In this webinar, Dr Muhamad Chatib Basri shared his observations on the current economic trends in Indonesia and provided insights on Indonesia’s economic recovery from the effects of COVID-19 pandemic.
INDONESIA STUDIES PROGRAMME WEBINAR
Wednesday, 21 April 2021 – ISEAS – Yusof Ishak Institute invited Dr Muhamad Chatib Basri (Former Minister of Finance of Indonesia, Chairman of PT Bank Mandiri Tbk and PT XL-Axiata) to speak in a webinar titled “Indonesia’s Economy 2021: Recovery or Stagnation”. Moderated by Dr Siwage Dharma Negara (Senior Fellow and Co-Coordinator of Indonesia Studies Programme, ISEAS – Yusof Ishak Institute), Dr Muhamad Chatib Basri elaborated on how the pandemic had affected Indonesia’s economy and the general population in terms of consumption behaviours. He also discussed the strategies put forth by the government to kick start Indonesia’s economic recovery for 2021.
Dr Muhamad Chatib Basri began the webinar by comparing Indonesia’s economy in 2020 with other countries in the Southeast Asia region. While Indonesia’s economic performance had a contraction of 2.1% in 2020, it was observed to have done relatively better as compared to other ASEAN countries such as Singapore, Malaysia, Philippines and Thailand, whose contractions ranged around 5% to 9%. Dr Basri attributed this relatively better economic performance to the fact that the government imposed a large-scale social restriction (PSBB) for the country instead of a lockdown. This could have reduced the contraction of the economy as compared to countries who had adopted a strict lockdown policy and economic activities were forced to slow down during that period. As such, while the economy seemed to have relatively good prospects in 2020, Dr Basri believed it would be too early to tell if this trend would continue to 2021. Nonetheless, Dr Basri highlighted that Indonesia’s economy is starting to show signs of improving in 2021, with GDP growth and investments all showing upward trends after the huge contraction in 2020. He therefore projected that Indonesia would experience a growth in the 2nd quarter of 2021.
Dr Muhamad Chatib Basri further elaborated on the impacts of the COVID-19 pandemic on both consumers’ consumption patterns and income level. Informal sector was observed to have experienced the greatest loss in income during the pandemic, with a drop of at least 30% while employees with fixed salary had little changes to their incomes. Based on that, Dr Basri argued that the pandemic had developed a social inequality between the income groups, with the middle- and upper-income groups being in a better position to tie through the pandemic as compared to the lower income group. As for consumption patterns, Dr Basri highlighted that spending power for all income groups have actually resumed back to normal rates about two months after the pandemic. However, the spending amount had significantly decreased, especially for lower- and middle-income groups. The types of goods and services purchased had also differed, with the lower- and middle-income spending more on food products while the higher income group was observed to have spent more on electronics and hobbies.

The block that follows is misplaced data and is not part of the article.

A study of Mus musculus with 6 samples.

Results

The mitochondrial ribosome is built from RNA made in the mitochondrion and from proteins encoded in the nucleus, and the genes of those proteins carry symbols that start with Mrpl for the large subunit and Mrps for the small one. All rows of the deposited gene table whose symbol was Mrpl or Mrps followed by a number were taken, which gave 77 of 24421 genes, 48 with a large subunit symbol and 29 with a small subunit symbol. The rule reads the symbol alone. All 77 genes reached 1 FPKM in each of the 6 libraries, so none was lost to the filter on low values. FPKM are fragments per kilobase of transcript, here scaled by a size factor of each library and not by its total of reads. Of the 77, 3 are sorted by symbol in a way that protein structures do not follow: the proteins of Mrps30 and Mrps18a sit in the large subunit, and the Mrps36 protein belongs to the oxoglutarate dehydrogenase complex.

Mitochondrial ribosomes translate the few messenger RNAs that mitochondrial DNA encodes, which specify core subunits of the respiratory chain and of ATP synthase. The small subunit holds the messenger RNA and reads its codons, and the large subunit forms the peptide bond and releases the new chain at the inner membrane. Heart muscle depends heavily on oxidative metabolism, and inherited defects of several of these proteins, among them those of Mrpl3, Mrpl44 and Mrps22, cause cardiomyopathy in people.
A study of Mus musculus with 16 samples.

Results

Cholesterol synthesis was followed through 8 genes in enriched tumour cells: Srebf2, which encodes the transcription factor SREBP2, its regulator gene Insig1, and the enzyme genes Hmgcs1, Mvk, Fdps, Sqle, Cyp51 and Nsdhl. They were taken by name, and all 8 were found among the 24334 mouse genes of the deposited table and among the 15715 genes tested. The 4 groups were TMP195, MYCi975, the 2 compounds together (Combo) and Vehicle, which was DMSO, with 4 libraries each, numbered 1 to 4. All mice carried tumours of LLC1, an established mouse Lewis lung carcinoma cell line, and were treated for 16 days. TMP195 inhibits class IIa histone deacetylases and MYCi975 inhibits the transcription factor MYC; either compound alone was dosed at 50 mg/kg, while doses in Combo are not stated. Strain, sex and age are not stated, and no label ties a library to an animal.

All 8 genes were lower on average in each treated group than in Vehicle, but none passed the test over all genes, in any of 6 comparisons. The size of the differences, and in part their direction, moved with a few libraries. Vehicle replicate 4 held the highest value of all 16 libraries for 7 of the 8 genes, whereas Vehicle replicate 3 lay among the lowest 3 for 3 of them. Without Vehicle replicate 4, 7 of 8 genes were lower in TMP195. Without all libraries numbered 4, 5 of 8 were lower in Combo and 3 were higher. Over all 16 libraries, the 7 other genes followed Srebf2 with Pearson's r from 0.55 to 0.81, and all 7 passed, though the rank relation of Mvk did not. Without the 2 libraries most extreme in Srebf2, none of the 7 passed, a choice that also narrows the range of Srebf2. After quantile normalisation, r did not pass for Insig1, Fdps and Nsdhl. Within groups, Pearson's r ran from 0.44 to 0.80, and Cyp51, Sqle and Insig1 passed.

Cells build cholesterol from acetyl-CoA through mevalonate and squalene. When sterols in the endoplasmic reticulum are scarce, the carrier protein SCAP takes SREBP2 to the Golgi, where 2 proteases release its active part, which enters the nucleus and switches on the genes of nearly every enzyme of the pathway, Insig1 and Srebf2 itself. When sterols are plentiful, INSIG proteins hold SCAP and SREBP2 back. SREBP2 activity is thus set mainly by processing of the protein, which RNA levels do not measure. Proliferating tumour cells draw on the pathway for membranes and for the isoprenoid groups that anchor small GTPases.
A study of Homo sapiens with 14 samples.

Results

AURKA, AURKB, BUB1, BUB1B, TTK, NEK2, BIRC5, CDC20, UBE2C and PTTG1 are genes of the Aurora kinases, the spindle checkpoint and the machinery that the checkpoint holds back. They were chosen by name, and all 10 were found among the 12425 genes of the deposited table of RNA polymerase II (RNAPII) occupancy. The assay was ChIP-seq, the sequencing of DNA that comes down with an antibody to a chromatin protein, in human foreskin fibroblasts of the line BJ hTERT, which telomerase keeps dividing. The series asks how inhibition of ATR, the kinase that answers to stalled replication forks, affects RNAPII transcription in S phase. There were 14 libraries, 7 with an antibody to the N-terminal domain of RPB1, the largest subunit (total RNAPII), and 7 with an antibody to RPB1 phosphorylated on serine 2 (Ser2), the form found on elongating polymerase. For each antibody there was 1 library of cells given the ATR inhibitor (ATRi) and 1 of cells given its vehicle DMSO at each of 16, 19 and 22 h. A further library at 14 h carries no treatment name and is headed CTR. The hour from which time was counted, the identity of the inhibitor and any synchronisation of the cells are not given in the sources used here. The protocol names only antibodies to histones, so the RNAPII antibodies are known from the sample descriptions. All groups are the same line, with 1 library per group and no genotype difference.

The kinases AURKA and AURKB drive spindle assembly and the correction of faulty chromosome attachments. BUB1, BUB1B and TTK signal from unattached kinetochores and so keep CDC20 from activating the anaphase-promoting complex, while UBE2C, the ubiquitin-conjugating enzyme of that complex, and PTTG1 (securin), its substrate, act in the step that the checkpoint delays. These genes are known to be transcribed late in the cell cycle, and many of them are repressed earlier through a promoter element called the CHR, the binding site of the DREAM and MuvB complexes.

Dr Muhamad Chatib Basri believed that in order for Indonesia’s economy to recover, there is a need to first, boost consumption. For that to happen, mobility needs to be present among the population so that they can consume goods and services, thus driving up demands. In the case of the COVID-19 pandemic, the implementation of PSBB had restricted the mobility needed to drive the economy. As such, in order to induce mobility and still keep COVID-19 transmission low, vaccinating the population would be the key solution to this issue. This was backed with data that showed an increase in spending for retail and recreational activities when vaccination increases among the population. This is mainly due to the fact that vaccinated people are more inclined to travel out to purchase goods and services, thus increasing consumption. Apart from that, Dr Basri also proposed that the country should focus on disaster relief measures such as providing cash transfer or financial support to the lower income group who would use it to increase their own consumptions of products. This would boost demands and businesses will then be able to expand production to cater to the increased demands, bringing about more revenues and subsequently, employment opportunities to the people. That being said, Dr Basri qualified that these strategies could only be effective if vaccines are made available for everyone in country. As such, apart from vaccination and boosting consumption, fiscal expansion through fiscal stimulus would be the other strategy employed by the government to jump start the recovery of the economy.
The webinar drew an audience of 158 participants from both Singapore and abroad. The panel then discussed on a range of topics during the Question-and-Answer segment which included topics such as the effects of the Sovereign wealth Fund (SWF) and Omnibus Law in attracting Foreign Direct Investment (FDI), the impact of fiscal stimulus toward debt deficit issue, the role of Bank Indonesia in Indonesia’s economic recovery and the possible benefits of the Regional Comprehensive Economic Partnership (RCEP) and other trade agreements in boosting Indonesia’s economic recovery.